Pop Quiz: How bad of a blocker is Julius Thomas?
- Julius Thomas is a terrible blocker
- Julius Thomas is the worst blocker in the NFL
- Julius Thomas is the worst blocker in NFL history
Ask a Broncos fan these days, and it seems those are the only three options. There's no room for nuance. It doesn't matter whether he improved from 2013 to 2014, and apparently, it doesn't actually matter how well other receiving tight ends fare in blocking. Everyone's suddenly an expert on tight end blocking skills, and JULIUS THOMAS IS THE WORSTEST.
See, Thomas appears to be on his way to a different NFL city, so he's a completely overrated player, so the story goes.
No, Thomas hasn't been terrific as a run blocker. According to PFF, he graded out at minus-4.7 while run blocking in 2014.
But here's the thing: his overall blocking numbers are actually pretty decent, because he graded out at plus-4.0 on screens and plus-1.2 in pass protection. His overall blocking grade was plus-0.5 including postseason, and it's worth noting that he was asked to block on 48.5% of his snaps.
Here's a news flash for those who suddenly think run blocking is the most important trait for a receiving tight end: most receiving tight ends aren't very good blockers.
Before we all fall in love with Denver's next tight end, let's see how Julius ranked in overall blocking among some of the league's more prolific receiving tight ends in 2014.
Here's how to read the table below. 32 tight ends were targeted at least 40 times during the 2014 season. PFF breaks down blocking into three categories: run blocking, screen blocking, and pass blocking. Screen blocking and run blocking get rolled into one Run Block category on their tables, so that's why Julius is listed at minus-0.7 rather than minus-4.7.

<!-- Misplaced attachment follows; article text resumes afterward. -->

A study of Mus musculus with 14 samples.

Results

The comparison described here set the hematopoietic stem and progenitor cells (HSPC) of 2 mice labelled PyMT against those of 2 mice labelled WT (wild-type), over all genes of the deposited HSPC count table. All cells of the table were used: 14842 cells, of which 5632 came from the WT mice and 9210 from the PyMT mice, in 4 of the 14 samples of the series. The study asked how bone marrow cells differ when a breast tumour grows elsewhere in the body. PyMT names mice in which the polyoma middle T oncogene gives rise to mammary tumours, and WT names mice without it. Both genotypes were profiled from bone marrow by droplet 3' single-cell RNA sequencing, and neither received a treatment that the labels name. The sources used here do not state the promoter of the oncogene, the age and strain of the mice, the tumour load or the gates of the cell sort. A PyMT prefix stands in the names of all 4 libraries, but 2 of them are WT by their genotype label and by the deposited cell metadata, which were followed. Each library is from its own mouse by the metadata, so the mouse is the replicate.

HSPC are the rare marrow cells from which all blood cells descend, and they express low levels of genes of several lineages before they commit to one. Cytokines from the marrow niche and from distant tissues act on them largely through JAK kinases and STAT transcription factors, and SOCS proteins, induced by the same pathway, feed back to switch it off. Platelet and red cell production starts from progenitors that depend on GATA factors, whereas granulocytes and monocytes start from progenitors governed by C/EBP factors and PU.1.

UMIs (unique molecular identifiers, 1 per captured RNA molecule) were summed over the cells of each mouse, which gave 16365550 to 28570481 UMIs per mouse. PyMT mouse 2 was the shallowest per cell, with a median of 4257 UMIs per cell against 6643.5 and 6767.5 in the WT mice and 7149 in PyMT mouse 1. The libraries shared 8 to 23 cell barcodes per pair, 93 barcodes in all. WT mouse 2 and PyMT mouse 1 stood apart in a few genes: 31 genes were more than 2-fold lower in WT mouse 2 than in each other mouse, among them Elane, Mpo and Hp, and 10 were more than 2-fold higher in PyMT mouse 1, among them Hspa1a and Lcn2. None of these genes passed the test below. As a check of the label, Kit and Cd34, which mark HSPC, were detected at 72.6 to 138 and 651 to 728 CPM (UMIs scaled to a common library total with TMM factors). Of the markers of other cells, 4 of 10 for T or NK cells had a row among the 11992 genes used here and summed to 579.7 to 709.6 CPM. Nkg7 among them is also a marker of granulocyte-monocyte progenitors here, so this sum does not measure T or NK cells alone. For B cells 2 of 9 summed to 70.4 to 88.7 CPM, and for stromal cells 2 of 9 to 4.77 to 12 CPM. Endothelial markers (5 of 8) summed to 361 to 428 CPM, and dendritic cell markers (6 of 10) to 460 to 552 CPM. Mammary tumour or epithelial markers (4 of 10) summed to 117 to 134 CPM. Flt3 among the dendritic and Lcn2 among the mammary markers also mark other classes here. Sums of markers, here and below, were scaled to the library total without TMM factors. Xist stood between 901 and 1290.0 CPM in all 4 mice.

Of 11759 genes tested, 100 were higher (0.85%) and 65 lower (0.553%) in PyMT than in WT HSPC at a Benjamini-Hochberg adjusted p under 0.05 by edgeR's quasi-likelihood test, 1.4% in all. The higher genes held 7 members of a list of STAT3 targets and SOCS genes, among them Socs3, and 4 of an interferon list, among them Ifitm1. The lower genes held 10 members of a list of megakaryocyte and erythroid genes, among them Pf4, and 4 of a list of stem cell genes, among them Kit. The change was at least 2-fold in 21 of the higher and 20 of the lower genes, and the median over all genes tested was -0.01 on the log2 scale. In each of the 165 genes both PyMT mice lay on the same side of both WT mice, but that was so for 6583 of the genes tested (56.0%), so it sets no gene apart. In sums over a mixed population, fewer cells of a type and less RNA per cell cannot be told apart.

I've added the last three columns to show how often these 32 tight ends were asked to block, whether for pass pro or in the run. I think this is useful, because it shows how each player was used within his offense. Block % is blocking snaps divided by total snaps, and Rank is each player's standing among the 32 players in terms of how often they were asked to block.
Tight Ends with 40 or more Targets in 2014, Ranked by Overall Blocking Grade
|#||Name||Team||Snaps||Pass Block||Run Block||All Block||TA||Rec.||Yds||TD||Block Snaps||Block %||Rank|
Obviously, the most important takeaway here is that Julius Thomas tied for 15th among the 32 receiving tight ends for overall blocking grade. This does not match the theory that he's a terrible blocker. Yes, his run blocking left a lot to be desired, but there were several players with far worse grades there.
Feel free to dispute how PFF grades, while claiming to be a better football evaluator than those hacks at PFF. However, be prepared to check the film on every play for all 32 of these receiving tight ends, and get back to us when you're done with that, which should be roughly 11 years and four months from now.
Only 11 of the other 31 tight ends were asked to block more often than Thomas was. This is important context, for wherever Julius ends up, and who replaces him in Denver.
Owen Daniels graded out worse than Julius; his split was minus-1.2 pass blocking, plus-0.5 screen blocking, and minus-4.1 run blocking. Something tells me that when Daniels replaces Julius on the Denver roster, we're going to hear all about how much better of a blocker the new guy is. At least as far as PFF is concerned, that's not remotely true.
Jordan Cameron has been discussed as another possible replacement for Thomas; his season was shortened by injury in 2014, but when he did play, he was an atrocious blocker. He's been injury prone throughout his career and is a far worse blocker than Julius. Again, it will be interesting to see how he's portrayed in Broncos Country, should he replace Julius Thomas.
We'll be back later in the week with a discussion of Julius's receiving stats. But for now, chew on PFF's blocking grades for a while.